When we visit a new country, we can whinge that it’s not like home, or immerse ourselves in the culture and enjoy it for what it is, no matter how strange it appears. It’s all part of the overseas experience. Having lived with the HP Mini running the Ubuntu Netbook Remix for about 6 months now, I feel as if I grew up in Minnesota and moved to Italy. Without a phrase book. Things are different here.
The “killer app” is the Ubuntu Software Centre. The ability to find and install free software is the ultimate in high-end user empowerment. I installed Lyx and the LaTeX typesetting system, plus AbiWord to make it easy to convert documents from ODF to LaTeX. As far as I can tell, there is no direct converter from OOXML to LaTeX, so ODF once again proves its worth. Add Inkscape to produce graphics in SVG and PDF and you have a complete publishing system. There is even a plug-in for gedit which lets you see the LaTeX source and PDF output side by side in separate windows. This is barely usable on the Netbook’s tiny screen, but Lyx in full-screen mode is fine.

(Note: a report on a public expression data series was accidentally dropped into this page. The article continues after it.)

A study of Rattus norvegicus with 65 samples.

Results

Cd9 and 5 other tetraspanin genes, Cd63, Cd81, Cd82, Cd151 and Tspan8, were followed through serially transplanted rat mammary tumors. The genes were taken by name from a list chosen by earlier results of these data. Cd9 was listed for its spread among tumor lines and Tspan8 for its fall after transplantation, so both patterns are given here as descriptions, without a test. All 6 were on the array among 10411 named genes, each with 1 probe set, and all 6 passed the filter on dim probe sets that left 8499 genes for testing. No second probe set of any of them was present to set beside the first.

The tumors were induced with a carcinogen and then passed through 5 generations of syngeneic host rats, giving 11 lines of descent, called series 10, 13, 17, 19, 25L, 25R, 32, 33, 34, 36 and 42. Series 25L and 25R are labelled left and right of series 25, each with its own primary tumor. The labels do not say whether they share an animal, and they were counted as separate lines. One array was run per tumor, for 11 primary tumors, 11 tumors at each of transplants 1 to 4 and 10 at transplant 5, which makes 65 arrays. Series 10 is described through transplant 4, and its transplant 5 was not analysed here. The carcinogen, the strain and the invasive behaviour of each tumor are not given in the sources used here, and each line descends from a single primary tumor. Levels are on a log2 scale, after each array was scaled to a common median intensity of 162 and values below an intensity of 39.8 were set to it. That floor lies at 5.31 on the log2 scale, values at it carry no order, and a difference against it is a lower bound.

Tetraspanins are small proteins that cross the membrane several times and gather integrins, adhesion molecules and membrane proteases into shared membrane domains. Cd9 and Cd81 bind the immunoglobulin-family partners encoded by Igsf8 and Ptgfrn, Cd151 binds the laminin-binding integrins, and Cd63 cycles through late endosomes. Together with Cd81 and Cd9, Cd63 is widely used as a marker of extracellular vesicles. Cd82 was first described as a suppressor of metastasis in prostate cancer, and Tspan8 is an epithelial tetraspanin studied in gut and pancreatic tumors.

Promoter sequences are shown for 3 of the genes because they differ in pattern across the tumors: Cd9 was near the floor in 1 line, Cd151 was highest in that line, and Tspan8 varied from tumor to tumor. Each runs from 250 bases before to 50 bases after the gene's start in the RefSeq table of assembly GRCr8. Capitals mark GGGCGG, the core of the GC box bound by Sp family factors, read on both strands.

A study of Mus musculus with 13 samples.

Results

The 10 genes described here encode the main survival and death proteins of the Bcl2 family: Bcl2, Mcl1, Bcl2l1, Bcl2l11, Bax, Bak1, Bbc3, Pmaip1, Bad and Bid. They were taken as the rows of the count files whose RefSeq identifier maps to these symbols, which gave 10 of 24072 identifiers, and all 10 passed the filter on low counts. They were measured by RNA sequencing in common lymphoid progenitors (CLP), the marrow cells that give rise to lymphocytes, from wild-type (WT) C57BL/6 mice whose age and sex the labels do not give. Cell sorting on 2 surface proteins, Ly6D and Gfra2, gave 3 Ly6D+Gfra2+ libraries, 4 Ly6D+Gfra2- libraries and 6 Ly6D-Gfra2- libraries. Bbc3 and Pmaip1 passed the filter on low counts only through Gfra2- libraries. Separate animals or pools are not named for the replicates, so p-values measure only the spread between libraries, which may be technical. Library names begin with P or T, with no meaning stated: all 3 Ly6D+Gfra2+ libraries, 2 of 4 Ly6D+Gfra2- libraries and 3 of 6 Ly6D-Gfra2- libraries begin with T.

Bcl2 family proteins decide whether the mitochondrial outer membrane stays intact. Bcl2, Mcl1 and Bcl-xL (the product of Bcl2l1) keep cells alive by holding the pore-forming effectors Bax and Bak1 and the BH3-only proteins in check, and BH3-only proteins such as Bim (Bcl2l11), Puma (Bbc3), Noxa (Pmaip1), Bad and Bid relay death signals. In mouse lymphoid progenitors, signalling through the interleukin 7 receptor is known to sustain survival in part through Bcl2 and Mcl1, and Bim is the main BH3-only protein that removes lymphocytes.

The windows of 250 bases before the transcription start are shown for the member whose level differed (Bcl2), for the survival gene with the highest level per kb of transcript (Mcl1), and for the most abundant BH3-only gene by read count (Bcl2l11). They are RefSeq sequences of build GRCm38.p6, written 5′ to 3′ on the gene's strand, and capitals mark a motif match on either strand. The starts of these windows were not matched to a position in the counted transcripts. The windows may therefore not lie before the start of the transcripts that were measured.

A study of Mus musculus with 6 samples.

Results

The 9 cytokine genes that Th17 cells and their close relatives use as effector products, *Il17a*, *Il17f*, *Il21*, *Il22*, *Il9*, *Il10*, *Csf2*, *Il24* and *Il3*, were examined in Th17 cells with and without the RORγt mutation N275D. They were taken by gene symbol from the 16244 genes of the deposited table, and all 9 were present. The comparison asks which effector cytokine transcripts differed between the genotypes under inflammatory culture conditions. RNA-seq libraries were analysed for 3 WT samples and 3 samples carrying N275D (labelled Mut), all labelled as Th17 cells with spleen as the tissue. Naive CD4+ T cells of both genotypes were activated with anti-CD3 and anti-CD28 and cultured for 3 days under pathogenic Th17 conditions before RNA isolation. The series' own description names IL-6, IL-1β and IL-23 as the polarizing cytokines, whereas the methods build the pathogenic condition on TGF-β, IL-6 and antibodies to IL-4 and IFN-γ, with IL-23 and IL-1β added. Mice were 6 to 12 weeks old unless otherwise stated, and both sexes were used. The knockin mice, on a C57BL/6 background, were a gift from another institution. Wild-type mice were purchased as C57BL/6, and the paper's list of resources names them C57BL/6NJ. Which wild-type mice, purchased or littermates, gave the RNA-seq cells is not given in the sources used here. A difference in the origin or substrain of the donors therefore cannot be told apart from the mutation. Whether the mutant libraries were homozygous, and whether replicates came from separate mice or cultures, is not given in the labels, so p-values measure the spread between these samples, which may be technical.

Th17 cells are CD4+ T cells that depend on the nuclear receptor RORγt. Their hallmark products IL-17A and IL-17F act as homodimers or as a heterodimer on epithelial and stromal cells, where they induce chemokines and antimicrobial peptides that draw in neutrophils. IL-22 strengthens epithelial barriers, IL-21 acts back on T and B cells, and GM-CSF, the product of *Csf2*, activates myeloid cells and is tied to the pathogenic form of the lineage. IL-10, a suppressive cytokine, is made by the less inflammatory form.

As usual, Google told me what to do. The only problem I encountered was that LaTeX had to be installed with a –fix-missing option.
There continues to be an ongoing niggle with the wireless networking (like the Italian telephone system, it works in mysterious ways which only the locals understand). I usually have to enter the wireless password at least 3 times, even though it is stored on the key-ring. As far as I can tell, this is an HP Mini issue, as I have no problem connecting to the wireless router when I boot my MacBook from a Ubuntu Live CD. But it’s an irritant, not a show-stopper. It does not bother me enough that I feel compelled to track down a solution, although it would be nice if it worked better.
If we visit Italy wanting it to be like Minnesota, we will not have a happy time. Similarly, to get the most out of switching to a free software desktop, treat it as a digital OE and leave preconceived ideas at the border. Take the time to watch the locals and refrain from pointing out how quaint they are or how much better it is at home. Celebrate cultural diversity!